Some musicians seem to ooze coolness. A$AP Rocky has his style and nonchalance, Julian Casablancas has his badassery, Tyler the Creator has his caps lock, Fiona Apple doesn’t give a fuck and André 3000 is André 3000.
And then there are those musicians who seem desperate to avoid being cool. For a long time, Dev Hynes personified this. His progression from the dance-punk outfit, Test Icicles to indie-pop singer Lightspeed Champion represented a huge change in form for Hynes, but came with ridiculous hair, too-librarian-to-be-retro glasses and a gang of puppets. But then came his metamorphism into Blood Orange.
With Blood Orange, Hynes found a guise that seemed to come naturally to him. The rhythmic 80s sounds that he has adopted on Cupid Deluxe fit both his voice and subject matter so naturally that it almost seems strange to think of it as a new direction. And it’s come with a new style too: his minimalist outfits come with strikingly Prince-like dance moves.
Cupid Deluxe is both the natural next progression in Hynes’ development, as well as a coming together of his vast array of work: he’s worked with Solange, Britney Spears, Florence & The Machine, Theophilus London, The Chemical Brothers and Bleeding Knees Club amongst others. As he told DazedDigital, “[Cupid’s Deluxe] is not as separated as it seems. I always just try and do what I’m feeling at that moment and that could be spread across a number of different things or come out in different avenues. They all inform each other, in a way”. And these different avenues are felt across the album: “This whole album is littered with references – self references, references to other songs.”
One such reference is Sky Ferreira’s “Everything Is Embarrassing“, which Hynes produced last year. Its simple, hazy aesthetic, metronomic claps and murmured chorus almost feel like a archetype for Cupid Deluxe, but the complexity of the music mean that we can see “Everything” for what it really was: a genesis.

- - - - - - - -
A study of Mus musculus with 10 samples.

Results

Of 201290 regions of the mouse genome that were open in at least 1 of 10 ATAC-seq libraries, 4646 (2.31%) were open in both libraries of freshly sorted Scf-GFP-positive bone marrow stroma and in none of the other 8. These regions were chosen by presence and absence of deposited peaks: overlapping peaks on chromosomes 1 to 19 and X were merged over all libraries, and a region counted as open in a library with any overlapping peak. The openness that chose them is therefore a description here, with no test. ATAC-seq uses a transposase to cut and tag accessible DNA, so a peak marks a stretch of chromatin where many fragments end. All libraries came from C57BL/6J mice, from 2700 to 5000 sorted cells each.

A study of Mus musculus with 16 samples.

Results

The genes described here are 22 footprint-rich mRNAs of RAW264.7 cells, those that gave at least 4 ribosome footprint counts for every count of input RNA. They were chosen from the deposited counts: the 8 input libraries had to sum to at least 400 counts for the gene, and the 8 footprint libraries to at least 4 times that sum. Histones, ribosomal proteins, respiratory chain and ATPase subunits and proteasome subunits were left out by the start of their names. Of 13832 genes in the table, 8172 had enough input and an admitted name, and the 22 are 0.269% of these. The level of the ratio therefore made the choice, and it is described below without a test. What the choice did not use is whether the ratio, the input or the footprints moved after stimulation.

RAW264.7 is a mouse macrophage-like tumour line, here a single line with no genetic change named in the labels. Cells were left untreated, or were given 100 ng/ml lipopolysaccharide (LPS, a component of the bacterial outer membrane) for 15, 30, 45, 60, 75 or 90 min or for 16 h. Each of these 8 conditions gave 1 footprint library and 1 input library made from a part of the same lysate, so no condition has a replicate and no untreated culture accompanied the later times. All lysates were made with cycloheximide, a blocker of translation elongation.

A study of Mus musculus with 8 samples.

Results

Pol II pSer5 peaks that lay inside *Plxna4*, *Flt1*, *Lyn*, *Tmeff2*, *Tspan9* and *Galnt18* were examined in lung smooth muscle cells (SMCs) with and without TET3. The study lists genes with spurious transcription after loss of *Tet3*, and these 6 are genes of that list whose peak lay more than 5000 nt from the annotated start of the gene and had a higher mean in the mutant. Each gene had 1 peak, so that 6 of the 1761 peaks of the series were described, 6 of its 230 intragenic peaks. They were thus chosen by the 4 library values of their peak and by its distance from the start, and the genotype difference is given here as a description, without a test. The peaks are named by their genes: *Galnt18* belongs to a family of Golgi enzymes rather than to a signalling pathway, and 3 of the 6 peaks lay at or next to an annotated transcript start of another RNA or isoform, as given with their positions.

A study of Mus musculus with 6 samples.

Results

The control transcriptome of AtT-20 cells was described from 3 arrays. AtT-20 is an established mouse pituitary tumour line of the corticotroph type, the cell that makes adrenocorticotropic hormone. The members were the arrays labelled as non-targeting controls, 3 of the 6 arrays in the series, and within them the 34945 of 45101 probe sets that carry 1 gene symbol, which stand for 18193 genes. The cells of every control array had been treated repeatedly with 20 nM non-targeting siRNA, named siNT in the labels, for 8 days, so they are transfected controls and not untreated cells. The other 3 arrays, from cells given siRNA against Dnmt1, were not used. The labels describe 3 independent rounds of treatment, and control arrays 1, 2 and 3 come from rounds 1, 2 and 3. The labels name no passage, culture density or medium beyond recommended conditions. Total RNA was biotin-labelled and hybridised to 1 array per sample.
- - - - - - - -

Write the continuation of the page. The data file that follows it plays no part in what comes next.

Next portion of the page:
Hynes weaves tales of heartbreak and self-doubt. But despite the obvious potential for solemnity, he entwines his stories with such upbeat rhythms that it is only when one listens past the music that the underlying messages become apparent. And this incongruity makes it hit all the harder.
That sense of self-oppugnancy is a theme that runs throughout the album. The opening track’s refrain, sung along with Caroline Polachek (of Chairlift), is a murmur of devotion and heartbreak: “I’ll never leave you if you’re thinking that it’s all the same/ I’ll never trust you if you’re thinking that it’s just a game”. Yet this is immediately followed by the purposefully-bravado, ‘You’re Not Good Enough’, in which Hynes delivers lines like “I never was in love/ You know that you were never good enough” with such forthright off-handedness that its sincerity is only belied by what it follows. But this is far from a mistaken contradiction, it is Hynes’ story of heartbreak: of the cauterisation that follows the pain.
And then there are the guest vocalists, who each continue in the same thematic vein. The nimbleness of Friends’ Samantha Urbani’s voice serves to emphasise the anguish of the chorus she sings. Prodigal hip-hop producer Clams Casino provides the platform for Dirty Projectors’ David Longstreth soulful yearnings on “No Right Thing”. Grime rapper, Despot angrily tells a tale of being led on by a “devil barely in a dress”. And although all the heartbreak could become overbearing, Hynes – as we first saw with “Everything Is Embarrassing” – has an uncanny ability to completely mask complex emotional topics with cheerful, funky melodies.
As befits an artist with as diverse a past as Hynes’, Cupid Deluxe is an album filled with sonic variety. There’s the funkiness of “You’re Not Good Enough” contrasted with the ominousness of its conclusion. There’s “Uncle ACE”, which has its incredibly difficult subject matter at the front, followed by a gorgeous coda that is entirely different from its beginning – much like Kanye West’s “New Slaves”. “Chamakay” with its steelpan drums, and “It Is What It Is” with its balafon-infused melody, make reference to his Guyanese heritage. And the stunning closer, “Time Will Tell” boasts stately piano which is perfectly underpinned by its synth heartbeat.
But for all its variety, the album never seems to lose cohesion or direction. The themes of heartache and isolation are twinned with a synth clap, and they run through the album, providing us with a Theseus-esque thread to follow. It is an album filled with complexities. There are the complexities of the sounds, of the themes he deals with and the openly exposed complexities of Hynes himself. And yet he manages to combine them into a gorgeously cohesive album, which is as easy to listen to as it is powerful to reflect upon.